Here are five things you must know for Monday, July 23:   

1. -- Stock Lower Amid Simmering Trade Tensions

U.S. stock futures pointed lower on Monday, July 23, European shares fell and Asian stocks finished the session mixed as investors picked through a number of developments in the White House's ongoing trade disputes with its allies and trading partners.

Contracts tied to the Dow Jones Industrial Average  fell 14 points, futures for the S&P 500  declined 2.55 points and Nasdaq futures were down 31.50 points.

An official communique from a meeting of G-20 finance ministers and central bankers over the weekend in Buenos Aires reiterated the downside risks to global growth, saying they included "rising financial vulnerabilities, heightened trade and geopolitical tensions, global imbalances, inequality and structurally weak growth" following Donald Trump's declaration last week that he was "ready to go" in imposing tariffs on $500 billion worth of China-made goods in his effort to reduce a record trade deficit with the world's second-largest economy.

Trump will be meeting later this week in Washington with European Commission President Jean-Claude Junker, which comes amid increasing pressure from the White House for other nations to revert to "zero tariff" barriers in bi-lateral agreements with the U.S.

The economic calendar in the U.S. on Monday includes Existing Home Sales for June at 10 a.m. ET.


TheStreet's Eric Jhonsa doesn't expect a ton of drama from Alphabet Inc.'s (GOOGL) earnings report on Monday but said the web giant's report and earnings call should help answer an important question or two about search - its largest business - and maybe provide some useful details about how smaller businesses are progressing.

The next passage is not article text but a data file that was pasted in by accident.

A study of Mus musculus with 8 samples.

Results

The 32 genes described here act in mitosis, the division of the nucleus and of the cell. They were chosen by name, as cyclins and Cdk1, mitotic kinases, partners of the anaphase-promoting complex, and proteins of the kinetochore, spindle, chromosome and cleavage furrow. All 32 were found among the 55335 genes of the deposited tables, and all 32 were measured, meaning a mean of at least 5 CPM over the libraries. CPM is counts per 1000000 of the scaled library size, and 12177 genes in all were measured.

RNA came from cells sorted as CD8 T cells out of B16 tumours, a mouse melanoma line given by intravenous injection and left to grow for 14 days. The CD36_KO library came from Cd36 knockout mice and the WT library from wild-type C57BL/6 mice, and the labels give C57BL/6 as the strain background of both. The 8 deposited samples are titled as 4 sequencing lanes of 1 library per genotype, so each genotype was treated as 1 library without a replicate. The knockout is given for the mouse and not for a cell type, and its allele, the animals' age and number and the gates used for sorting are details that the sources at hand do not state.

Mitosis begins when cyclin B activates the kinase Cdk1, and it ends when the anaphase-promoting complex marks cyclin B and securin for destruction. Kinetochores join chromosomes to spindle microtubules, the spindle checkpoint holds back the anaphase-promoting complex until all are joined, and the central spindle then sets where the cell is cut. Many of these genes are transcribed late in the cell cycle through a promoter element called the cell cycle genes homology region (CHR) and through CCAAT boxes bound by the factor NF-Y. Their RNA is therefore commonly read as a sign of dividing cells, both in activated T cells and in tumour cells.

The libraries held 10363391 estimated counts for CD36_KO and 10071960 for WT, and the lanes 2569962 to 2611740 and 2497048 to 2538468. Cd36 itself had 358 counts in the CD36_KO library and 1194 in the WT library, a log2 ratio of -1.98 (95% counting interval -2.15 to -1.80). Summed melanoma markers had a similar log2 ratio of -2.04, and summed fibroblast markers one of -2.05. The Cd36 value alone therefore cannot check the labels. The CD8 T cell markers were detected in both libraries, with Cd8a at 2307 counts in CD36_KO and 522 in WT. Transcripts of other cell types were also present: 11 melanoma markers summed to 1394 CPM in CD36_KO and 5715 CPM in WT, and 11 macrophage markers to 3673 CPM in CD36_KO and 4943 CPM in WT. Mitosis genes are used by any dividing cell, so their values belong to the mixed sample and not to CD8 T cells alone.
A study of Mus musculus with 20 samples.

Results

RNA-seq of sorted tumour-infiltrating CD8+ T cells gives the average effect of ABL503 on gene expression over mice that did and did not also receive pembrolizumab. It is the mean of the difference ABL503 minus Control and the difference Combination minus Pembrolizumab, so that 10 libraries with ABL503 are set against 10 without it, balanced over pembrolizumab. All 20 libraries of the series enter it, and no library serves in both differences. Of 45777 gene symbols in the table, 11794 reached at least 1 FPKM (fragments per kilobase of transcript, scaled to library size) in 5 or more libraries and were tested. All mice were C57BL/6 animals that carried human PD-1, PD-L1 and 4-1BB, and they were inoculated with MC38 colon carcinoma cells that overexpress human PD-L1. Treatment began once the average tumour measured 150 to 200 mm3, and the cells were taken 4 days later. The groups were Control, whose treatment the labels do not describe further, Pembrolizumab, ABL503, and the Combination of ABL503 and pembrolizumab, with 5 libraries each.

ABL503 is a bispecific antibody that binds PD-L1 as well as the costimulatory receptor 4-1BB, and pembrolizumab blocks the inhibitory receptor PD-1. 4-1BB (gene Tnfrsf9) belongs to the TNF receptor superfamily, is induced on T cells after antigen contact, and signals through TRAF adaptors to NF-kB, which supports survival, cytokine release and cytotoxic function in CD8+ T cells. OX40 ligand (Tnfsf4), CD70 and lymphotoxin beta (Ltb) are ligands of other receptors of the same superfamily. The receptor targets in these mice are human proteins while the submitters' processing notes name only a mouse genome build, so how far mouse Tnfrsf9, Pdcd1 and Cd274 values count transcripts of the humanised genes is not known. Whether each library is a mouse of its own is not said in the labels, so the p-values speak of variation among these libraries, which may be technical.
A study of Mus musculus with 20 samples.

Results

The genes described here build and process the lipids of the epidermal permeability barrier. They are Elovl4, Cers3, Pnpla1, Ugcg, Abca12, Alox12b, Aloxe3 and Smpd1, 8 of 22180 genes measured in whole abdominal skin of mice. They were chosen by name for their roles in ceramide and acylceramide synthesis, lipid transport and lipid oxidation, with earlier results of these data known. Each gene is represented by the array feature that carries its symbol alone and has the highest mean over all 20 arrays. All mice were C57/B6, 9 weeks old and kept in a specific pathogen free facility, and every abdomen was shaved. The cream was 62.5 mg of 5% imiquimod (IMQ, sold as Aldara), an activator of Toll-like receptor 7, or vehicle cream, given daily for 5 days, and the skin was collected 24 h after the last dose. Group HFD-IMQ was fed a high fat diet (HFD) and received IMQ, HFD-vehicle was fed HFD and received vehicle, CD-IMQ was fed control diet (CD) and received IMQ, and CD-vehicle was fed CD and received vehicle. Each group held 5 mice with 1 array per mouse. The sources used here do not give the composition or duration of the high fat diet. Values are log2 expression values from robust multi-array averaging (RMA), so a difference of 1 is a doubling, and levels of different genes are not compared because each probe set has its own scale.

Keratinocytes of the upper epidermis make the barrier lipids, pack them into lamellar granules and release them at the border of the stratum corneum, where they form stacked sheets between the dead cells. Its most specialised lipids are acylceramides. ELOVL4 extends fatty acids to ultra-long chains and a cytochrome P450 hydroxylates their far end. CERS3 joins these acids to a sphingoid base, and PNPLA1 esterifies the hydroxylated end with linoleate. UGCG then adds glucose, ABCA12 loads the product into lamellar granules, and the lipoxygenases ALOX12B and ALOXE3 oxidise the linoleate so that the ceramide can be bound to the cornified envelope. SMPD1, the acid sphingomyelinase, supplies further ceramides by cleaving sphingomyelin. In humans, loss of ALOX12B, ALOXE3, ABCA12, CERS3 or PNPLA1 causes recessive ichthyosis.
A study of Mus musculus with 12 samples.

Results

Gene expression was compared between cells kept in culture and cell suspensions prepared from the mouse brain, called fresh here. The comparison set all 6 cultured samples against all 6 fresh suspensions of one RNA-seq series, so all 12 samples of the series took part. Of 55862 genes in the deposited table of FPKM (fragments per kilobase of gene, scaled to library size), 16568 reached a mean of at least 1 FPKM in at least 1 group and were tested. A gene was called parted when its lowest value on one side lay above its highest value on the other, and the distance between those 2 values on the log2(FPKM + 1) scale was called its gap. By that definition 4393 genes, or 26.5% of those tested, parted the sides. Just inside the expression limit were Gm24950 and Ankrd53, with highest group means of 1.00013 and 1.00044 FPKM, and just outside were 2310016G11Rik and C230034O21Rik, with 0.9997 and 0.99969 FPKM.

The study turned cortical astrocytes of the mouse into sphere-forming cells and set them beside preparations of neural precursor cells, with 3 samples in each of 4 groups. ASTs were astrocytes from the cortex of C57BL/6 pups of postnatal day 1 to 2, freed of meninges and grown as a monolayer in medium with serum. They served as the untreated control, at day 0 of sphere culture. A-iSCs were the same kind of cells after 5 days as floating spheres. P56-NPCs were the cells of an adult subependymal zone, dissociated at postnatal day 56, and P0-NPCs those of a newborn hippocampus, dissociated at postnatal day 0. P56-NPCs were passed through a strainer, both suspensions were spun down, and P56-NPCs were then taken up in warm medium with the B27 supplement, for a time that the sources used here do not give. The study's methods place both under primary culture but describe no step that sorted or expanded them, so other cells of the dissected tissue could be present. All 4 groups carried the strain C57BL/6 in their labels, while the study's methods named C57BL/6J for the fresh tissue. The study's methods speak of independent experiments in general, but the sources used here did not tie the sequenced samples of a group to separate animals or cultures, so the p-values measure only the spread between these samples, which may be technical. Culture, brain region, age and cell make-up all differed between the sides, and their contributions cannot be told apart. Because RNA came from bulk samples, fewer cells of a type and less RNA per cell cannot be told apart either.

Hasbro Inc. (HAS) jumped 4.9% in premarket trading after the toymaker's second-quarter earnings and sales smashed analysts' expectations.

Halliburton Co. (HAL) earned 58 cents a share in the second quarter, meeting forecasts. The stock fell 0.4%.

Illinois Tool Works Inc. (ITW)  also is expected to report earnings on Monday.

Alphabet and Illinois Tool Works are holdings in Jim Cramer's Action Alerts PLUS member club. Want to be alerted before Jim Cramer buys or sells the stocks? Learn more now.

3. -- Fiat Chrysler's Marchionne Steps Down as CEO

Jeep executive Mike Manley will be the new CEO of Fiat Chrysler Automobiles NV ( FCAU)  after long-time leader Sergio Marchionne stepped down after suffering complications after surgery.

Marchionne, 66 years old, joined Fiat in 2004 and led the company's merger with bankrupt U.S. carmaker Chrysler. Manley, 54, has led the Jeep brand since June 2009 and the Ram brand from October 2015. He's been with the company since 2000.

Fiat Chrysler shares fell 3.6% in premarket trading on Monday.

4. -- Tesla Asks Suppliers for Help

Tesla Inc. ( TSLA) has asked some suppliers to refund a portion of what the electric vehicle maker has spent previously in an effort to reduce costs and become profitable.

The company, according to a memo reviewed by The Wall Street Journal that was sent to a supplier last week, said it was asking its suppliers for cash back to help it become profitable. Tesla requested the supplier return what it called a meaningful amount of money of its payments since 2016, the memo said.

Tesla declined to comment on the specific memo. But it confirmed it was seeking price reductions from suppliers for projects, some of which date back to 2016, and some of which haven't been completed. The company called such requests a standard part of procurement negotiations, the Journal reported.

5. -- Papa John's Adopts a 'Poison Pill'

Papa John's International Inc. (PZZA) on Sunday adopted a shareholder rights plan, or "poison pill," likely to prevent John Schnatter, the pizza chain's founder, from gaining a controlling stake in the company.

Schnatter owns owns 29% of Papa John's shares and has indicated he won't give up control of the company without a fight. 

Schnatter was forced to resign after Forbes reported earlier this month that the executive used the N-word in a media diversity training session in May. Shatter has admitted to using the word, but contends that it was to make a point, not as a racial epithet.